April 24, 2020
recently announced that it will open its Pandemic Unemployment Assistance application on April 28, enabling self-employed individuals, independent
contractors, and workers who are not eligible for regular unemployment
compensation to claim relief available to them under the CARES Act. New York, New
Jersey, Michigan, and Pennsylvania have also activated PUA applications.
provisions of the CARES Act entitle the millions of freelance workers and
independent contractors (e.g., those with 1099—not W-2—income) to critical
economic relief. But its provisions do not clearly cover writers and others who
normally work from home and whose income has been lost because the work has
dried up—and the Authors Guild has been leading the fight in D.C. to get
clarifications that will ensure that the states allow writers and others in
those circumstances to claim relief.
Moreover, the rollout
of PUA by states has been exceedingly slow since they did not already have
mechanisms in place for PUA, leaving many authors and freelance workers in the
lurch. As of April 10, only about half of the states were accepting applications for the PUA, with many
struggling to keep their unemployment websites online due to the volume of claims.
The CARES Act does provide for retroactive relief, however, so people who are
unable to file until their state comes online will still receive the benefits.
As we expect
more states to start rolling out the program, here are some things to remember
when filling out your PUA form.
W-2 Income – Regular Unemployment Form
If you have earnings from W-2s, then you may be eligible for
unemployment compensation through the state (in addition to up to $600 per week
in CARES Act benefits) as long as you meet these basic requirements:
Most states allow for up to 26 weeks of unemployment compensation. The CARES Act extends these benefits by another 13 weeks; so if you have exhausted your 26 weeks, you can reapply.
If you have earnings from W-2s that meet the state minimum
criteria for unemployment compensation but you also have additional income from
1099s, you would likely fill out the application for regular unemployment
compensation, as one of the requirements for PUA is being ineligible for
regular unemployment compensation. Be sure to carefully review your state’s
instructions if this situation applies to you.
If you have earnings from W-2s but your earnings do not meet
the state minimum required to receive benefits under regular unemployment
compensation, then you should look for the PUA form.
1099 Income – PUA Form
Your state may ask you to start a single unemployment insurance application
to collect basic information about your employment status before directing you
to a PUA-specific form, or it may have separate application forms for PUA and
other types of employment compensation and ask you to select one. Some states,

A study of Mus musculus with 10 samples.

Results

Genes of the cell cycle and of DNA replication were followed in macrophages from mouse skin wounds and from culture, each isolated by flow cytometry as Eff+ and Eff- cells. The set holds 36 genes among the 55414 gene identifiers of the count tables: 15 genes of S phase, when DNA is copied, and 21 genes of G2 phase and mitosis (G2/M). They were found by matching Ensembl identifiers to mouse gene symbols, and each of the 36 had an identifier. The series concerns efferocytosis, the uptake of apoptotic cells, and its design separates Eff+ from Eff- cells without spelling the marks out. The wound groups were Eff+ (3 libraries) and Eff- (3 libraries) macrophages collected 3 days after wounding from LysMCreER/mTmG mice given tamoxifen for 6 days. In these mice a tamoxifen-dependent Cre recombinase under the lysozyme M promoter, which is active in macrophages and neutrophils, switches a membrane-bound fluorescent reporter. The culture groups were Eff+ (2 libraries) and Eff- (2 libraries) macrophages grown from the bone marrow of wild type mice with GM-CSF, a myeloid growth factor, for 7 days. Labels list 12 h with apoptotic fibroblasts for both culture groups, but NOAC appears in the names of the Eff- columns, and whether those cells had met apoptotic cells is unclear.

like Pennsylvania, have dedicated PUA portals for applications.
If your earnings are reported on 1099 forms, then you’re typically
only eligible to apply for PUA, and not for traditional unemployment benefits,
in most states.If you were incorrectly classified by your employer as a
contractor instead of an employee, you may contest the denial of unemployment,
but that usually takes some time, likely delayed even more due to states’
implementation of CARES Act relief.
You should apply for unemployment even if you are still getting
some work. PUA is available to those freelance workers who have lost some income
but who are still getting some work.
Filling Out the PUA Forms
One of the requirements for PUA eligibility is that you have become “unemployed, partially unemployed, or unavailable to work” because of one or more of the following COVID-19-related reasons. As of now they are:
Even if none of the first 10 specific reasons apply to you, and
you have lost income due to COVID-19, then you should choose this new criteria
added by the secretary of labor. The Authors Guild is leading the charge to
obtain additional clarifying language that ensures it covers authors and
freelance writers who have the physical ability to work, but their clients and
employers are not hiring due to COVID-19. We want to ensure that the states cannot
turn you down because of lack of clear federal guidance. In the meantime, you
may refer to this criteria.
If your state has a form with only the first 10 criteria listed
and you must check one, look for a place in the form (a check box or open-ended
response box) to indicate that you are applying for PUA based on additional
criteria established by the labor secretary and that your ability to
continue your customary work activities has been severely limited due to the
COVID-19 public health emergency.
If there is no place on the form for you to enter the secretary of
labor’s new criteria, chose another one that would arguably apply and add a
note somewhere that you think the most applicable criteria actually is #11:
per the secretary of labor’s guidelines, the ability to continue performing
customary work activities is severely limited due to the COVID-19 public health
Make sure you chose one of the eligibility criteria or you will
likely be denied.
The information required to fill out the forms may vary among states.
The Department of Labor’s CareerOneStop
website has an easy-to-use search function that can help you find
state-specific information and forms.